Last year College Station became home to the Biggest Gingerbread House in the World (as verified by a Guinness Book of World Records official on November 30th, 2013). This year, College Station became home to the Biggest Aggie Christmas Tree in the World, though I don't think anyone representing the big book of records verified that title.
A local screen printing and embroidery company specializing in all things Aggie came up with the idea and organized an entire event - Christmas shopping, ornament decorating, hot chocolate, cookies, raffle prizes, Christmas carols, letters to Santa, and a visit from the big guy himself - around the lighting of this evergreen tree.
I found it interesting that Hallie IMMEDIATELY and with no hesitation whatsoever declared her behavior during the year as "Very Good" on her letter to Santa.
The kids enjoyed the event, though both grew impatient when the official tree lighting didn't take place until 20 minutes after the scheduled and publicized time. (And while Will had time to devour a few snacks and make a reindeer ornament, the delay plus having to leave for karate with Tom meant he missed that special moment when the tree lights finally came to life.) I enjoyed the event as well, both because the host company donated $5 for each child in attendance to their school's PTO and because the cookies were delicious.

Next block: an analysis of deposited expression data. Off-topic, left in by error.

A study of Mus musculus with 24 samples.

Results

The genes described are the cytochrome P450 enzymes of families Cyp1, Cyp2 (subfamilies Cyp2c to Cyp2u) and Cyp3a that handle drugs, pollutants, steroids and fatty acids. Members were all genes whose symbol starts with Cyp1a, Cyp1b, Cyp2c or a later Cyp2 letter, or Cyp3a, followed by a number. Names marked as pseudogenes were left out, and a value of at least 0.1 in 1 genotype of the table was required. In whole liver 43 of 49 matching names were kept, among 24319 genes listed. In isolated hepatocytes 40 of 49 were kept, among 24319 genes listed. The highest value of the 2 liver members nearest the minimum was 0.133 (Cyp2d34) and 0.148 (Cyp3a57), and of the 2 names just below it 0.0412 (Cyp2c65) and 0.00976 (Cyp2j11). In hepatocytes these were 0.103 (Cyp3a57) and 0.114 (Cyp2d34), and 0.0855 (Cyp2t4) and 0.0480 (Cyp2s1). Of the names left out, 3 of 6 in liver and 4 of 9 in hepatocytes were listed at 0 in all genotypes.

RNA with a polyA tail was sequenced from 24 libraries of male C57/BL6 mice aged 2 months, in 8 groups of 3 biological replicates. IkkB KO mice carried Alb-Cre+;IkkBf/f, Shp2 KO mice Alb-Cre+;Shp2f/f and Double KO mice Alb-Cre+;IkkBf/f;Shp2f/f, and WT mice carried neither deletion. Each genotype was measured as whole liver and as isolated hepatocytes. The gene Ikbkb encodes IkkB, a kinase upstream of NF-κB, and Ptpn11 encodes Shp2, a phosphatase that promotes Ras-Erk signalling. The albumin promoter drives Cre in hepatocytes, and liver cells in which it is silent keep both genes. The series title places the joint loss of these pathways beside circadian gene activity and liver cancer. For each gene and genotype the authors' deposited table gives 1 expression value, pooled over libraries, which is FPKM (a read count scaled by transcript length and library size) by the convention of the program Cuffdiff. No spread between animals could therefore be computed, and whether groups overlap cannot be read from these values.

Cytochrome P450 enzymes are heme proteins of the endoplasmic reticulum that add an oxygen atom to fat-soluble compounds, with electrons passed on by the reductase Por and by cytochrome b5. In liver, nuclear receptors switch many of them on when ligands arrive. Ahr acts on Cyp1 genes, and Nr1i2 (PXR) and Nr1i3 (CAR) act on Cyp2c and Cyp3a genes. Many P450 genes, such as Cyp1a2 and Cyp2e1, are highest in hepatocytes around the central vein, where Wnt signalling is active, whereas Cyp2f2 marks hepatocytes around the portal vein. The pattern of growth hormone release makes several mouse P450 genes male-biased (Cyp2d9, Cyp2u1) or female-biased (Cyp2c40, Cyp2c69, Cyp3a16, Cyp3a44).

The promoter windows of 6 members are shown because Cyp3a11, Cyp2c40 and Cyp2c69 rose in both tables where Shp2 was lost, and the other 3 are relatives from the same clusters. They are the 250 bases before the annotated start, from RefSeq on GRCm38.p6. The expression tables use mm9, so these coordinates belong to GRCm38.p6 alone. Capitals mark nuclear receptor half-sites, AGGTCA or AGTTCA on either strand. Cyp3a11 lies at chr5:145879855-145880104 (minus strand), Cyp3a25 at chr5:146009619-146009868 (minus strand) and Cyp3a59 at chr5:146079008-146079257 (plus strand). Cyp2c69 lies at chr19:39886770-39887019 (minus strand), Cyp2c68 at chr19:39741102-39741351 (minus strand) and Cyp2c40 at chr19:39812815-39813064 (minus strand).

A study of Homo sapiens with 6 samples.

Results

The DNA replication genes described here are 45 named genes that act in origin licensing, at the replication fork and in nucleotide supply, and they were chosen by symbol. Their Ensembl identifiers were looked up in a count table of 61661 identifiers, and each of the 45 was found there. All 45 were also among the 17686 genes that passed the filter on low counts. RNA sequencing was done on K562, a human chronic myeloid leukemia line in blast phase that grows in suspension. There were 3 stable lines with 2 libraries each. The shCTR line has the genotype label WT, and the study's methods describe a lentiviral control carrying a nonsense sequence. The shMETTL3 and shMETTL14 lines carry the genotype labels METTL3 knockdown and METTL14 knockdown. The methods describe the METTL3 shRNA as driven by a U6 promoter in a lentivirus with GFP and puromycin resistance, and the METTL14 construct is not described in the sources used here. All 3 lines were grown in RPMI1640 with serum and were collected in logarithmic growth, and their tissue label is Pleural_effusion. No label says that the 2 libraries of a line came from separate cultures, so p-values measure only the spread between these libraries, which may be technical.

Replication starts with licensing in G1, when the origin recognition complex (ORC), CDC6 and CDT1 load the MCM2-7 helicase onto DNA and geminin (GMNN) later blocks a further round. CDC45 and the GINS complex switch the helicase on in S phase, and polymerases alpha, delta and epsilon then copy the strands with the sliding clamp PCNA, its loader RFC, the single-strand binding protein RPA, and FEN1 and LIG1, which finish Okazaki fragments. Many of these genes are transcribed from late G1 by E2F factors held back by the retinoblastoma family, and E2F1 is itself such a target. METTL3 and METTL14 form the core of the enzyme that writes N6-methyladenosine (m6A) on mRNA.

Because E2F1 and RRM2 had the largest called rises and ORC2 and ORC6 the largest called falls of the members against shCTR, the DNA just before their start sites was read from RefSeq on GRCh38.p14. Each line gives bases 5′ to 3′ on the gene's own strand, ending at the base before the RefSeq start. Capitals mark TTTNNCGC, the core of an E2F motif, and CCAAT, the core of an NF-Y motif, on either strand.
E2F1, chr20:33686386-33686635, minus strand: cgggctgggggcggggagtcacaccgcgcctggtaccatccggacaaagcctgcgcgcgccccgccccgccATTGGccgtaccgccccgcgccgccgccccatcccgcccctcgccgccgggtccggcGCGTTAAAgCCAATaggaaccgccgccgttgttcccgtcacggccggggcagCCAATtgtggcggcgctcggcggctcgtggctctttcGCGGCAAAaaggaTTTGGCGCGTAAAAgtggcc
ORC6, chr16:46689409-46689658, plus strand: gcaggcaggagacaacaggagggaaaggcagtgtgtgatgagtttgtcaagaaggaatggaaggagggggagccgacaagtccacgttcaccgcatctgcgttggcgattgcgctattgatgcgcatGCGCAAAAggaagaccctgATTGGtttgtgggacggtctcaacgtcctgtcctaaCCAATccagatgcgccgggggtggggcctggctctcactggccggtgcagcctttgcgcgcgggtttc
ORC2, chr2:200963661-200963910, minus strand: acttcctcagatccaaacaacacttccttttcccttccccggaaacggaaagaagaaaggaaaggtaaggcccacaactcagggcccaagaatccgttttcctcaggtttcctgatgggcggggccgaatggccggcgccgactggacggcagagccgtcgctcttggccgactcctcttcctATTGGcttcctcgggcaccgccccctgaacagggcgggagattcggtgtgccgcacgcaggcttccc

But I felt about the Biggest Aggie Christmas tree the same way I felt about the Biggest Gingerbread House…less than impressed.
When I read "biggest" and "in the world" in the same sentence, I expect to see something Spectacular. Breathtaking. Shocking. Last year's gingerbread house was beautifully decorated and quite large, but it wasn't actually built out of gingerbread. (They built a very basic wooden structure and attached the pieces of gingerbread and melted candy windows to the wooden frame and glass windows.) This year's Aggie Christmas tree was beautifully decorated and quite large, but was it the biggest in the world? I question the authenticity of the claim.
The beauty of the holiday season, however, is that while I notice these pesky details, my kids don't. They remember fondly eating gingerbread cookies and drinking hot chocolate inside the Biggest Gingerbread House in the World. And they'll remember fondly writing letters to Santa and listening to Christmas carols at the lighting of the Biggest Aggie Christmas Tree in the World. And that's good enough for me.